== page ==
The evolution of Ayn Rand


And today on the 100th anniversary of her birth, there will be a Rand commemoration at the Library of Congress — an odd site for a ceremony honoring a fierce anti-statist.

In her day, Miss Rand was at odds with almost every prevailing American social attitude. She infuriated liberals by preaching economic laissez-faire and lionizing titans of business. She appalled conservatives by rejecting religion in any form while celebrating, she said, “sexual enjoyment as an end in itself.”

But her novels found countless readers. “The Fountainhead,” published in 1943, and “Atlas Shrugged,” which followed in 1957, are still in print. In 1991, when the Book of the Month Club polled Americans asking what book had most influenced their lives, “Atlas Shrugged” finished second only to the Bible. In all, Miss Rand’s books have sold some 22 million copies and continue selling more than half a million a year.

Miss Rand emerged in the aftermath of the Great Depression, the New Deal and World War II — which were taken as proving the obsolescence of the free market, that prosperity required an all-intrusive government, and that national success demanded subordination of the individual to collective purposes. After the traumas of the 1930s and ‘40s, America was intent on building a well-ordered welfare state by compromise and consensus.

In that setting, Ayn Rand resembled the female athlete in Apple Computer’s 1984 Super Bowl commercial, who sprinted into a mass assembly of oppressed drones to hurl a sledgehammer at the Big Brother orating from a giant TV screen — smashing it and bathing the audience in dazzling light.

Miss Rand, a Russian immigrant, saw herself harking back to the Enlightenment values of reason, limited government and personal liberty that fueled the American Revolution. “The United States,” she declared, “was the first moral society in history.”

Her novels were derided by critics, who saw them as interminable philosophical diatribes disguised as melodrama. What she regarded as thoroughgoing consistency struck many readers as overbearing dogmatism. Her political ideas attracted only a fringe following. Outside a tiny band of true believers, few people counted themselves as disciples of Ayn Rand.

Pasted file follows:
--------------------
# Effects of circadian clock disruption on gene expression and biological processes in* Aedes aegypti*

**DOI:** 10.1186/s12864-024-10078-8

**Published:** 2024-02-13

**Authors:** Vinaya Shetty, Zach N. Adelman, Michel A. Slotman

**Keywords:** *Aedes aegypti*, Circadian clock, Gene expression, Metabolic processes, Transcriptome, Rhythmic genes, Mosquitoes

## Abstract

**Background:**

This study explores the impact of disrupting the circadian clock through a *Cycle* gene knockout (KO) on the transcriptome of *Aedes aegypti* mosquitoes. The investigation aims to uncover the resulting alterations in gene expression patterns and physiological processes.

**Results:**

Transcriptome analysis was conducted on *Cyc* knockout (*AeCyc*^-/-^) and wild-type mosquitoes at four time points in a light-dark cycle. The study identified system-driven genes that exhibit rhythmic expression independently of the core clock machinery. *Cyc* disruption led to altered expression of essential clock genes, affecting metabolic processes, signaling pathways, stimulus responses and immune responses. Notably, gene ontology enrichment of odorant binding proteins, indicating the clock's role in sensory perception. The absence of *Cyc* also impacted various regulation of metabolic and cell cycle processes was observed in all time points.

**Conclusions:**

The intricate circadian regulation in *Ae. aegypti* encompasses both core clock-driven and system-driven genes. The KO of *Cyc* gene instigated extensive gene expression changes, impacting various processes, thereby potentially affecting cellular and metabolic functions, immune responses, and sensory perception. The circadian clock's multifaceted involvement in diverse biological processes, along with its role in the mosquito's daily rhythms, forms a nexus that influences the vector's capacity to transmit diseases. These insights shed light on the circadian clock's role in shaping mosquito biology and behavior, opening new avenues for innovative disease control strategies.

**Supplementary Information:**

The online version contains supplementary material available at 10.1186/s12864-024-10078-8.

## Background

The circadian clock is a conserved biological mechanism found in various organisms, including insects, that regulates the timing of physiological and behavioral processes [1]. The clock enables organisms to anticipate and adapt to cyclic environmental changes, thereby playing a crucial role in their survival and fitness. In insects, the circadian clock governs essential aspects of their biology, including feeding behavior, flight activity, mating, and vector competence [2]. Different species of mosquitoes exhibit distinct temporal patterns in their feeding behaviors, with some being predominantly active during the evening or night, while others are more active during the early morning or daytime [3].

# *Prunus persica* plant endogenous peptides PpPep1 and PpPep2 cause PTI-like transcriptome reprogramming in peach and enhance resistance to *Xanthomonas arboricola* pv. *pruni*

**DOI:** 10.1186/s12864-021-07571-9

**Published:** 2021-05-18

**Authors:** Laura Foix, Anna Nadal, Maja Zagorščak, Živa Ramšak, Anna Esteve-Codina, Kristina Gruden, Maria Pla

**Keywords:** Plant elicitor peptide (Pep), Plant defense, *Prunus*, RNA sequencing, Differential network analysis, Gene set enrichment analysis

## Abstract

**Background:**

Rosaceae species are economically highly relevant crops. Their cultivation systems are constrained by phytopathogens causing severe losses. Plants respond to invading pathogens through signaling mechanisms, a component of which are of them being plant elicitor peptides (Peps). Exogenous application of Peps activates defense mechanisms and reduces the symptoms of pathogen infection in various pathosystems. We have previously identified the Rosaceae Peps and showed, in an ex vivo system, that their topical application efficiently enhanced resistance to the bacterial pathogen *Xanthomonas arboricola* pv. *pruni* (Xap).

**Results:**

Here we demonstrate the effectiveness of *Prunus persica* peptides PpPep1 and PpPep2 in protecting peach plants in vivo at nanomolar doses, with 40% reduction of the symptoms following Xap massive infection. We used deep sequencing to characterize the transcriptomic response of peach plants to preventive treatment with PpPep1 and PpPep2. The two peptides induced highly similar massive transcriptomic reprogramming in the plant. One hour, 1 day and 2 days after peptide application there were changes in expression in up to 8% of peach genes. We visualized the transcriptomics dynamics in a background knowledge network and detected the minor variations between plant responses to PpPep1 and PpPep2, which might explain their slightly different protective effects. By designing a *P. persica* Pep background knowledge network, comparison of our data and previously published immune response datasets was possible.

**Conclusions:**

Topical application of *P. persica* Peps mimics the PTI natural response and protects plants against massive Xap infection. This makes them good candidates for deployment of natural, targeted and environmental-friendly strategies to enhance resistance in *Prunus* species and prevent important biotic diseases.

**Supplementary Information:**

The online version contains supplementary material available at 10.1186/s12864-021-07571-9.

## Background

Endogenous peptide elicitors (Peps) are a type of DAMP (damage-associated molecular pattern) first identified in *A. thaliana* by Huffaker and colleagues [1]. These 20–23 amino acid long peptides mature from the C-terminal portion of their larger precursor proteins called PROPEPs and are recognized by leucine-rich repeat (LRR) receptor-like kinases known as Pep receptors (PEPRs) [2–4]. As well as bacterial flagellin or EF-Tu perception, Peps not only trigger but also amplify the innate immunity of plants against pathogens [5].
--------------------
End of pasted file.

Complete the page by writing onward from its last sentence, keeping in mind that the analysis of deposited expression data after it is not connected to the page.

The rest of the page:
But many people absorbed much of her thinking and incorporated it into their worldviews. Public figures as diverse as Hillary Clinton, Clarence Thomas and Cal Ripken have cited her influence, on top of millions of other unfamous people.

In time, her work bore fruit. By the mid-1970s, wage-and-price controls had wrecked the economy, in perfect accord with Miss Rand’s predictions. Her view of capitalism not as a necessary evil but a moral good helped turn public opinion toward free markets, opening the way for the Reagan Revolution.

Her celebration of individual joy also echoed in the leftist counterculture of the 1960s, which rebelled against the sterile conformity of the Eisenhower era. However, Ayn Rand had no use for the irresponsible hedonism that spawned the saying, “If it feels good, do it.” That was a perversion of her insight that pleasure is not cause for guilt. You can hear Miss Rand even in Bruce Springsteen: “It ain’t no sin to be glad you’re alive.”

That’s just one illustration of how her influence went beyond economics and political theory. In her eyes, there was no greater good than each person’s integrity and self-fulfillment. One of her essay collections had the surprising title, “The Virtue of Selfishness.”

Looking back, it’s hard to recapture how jarring that phrase was a generation ago, when altruism and self-sacrifice were seen as the central elements of an exemplary life. Today, Americans take it for granted that they are entitled to live for their own happiness, without apology.

It may seem curious to honor a writer who merely defended free markets, preached the superiority of reason over blind faith and extolled the American ideal of the pursuit of happiness. David Kelley, head of the Rand-oriented Objectivist Center, jokes that he’s reminded of the theatergoer who complained that “Hamlet” was full of cliches. Miss Rand’s beliefs have been so widely disseminated and absorbed that we have forgotten where they originated.

The truth is that for all she did, they are no longer her ideas. To a large extent, they are ours.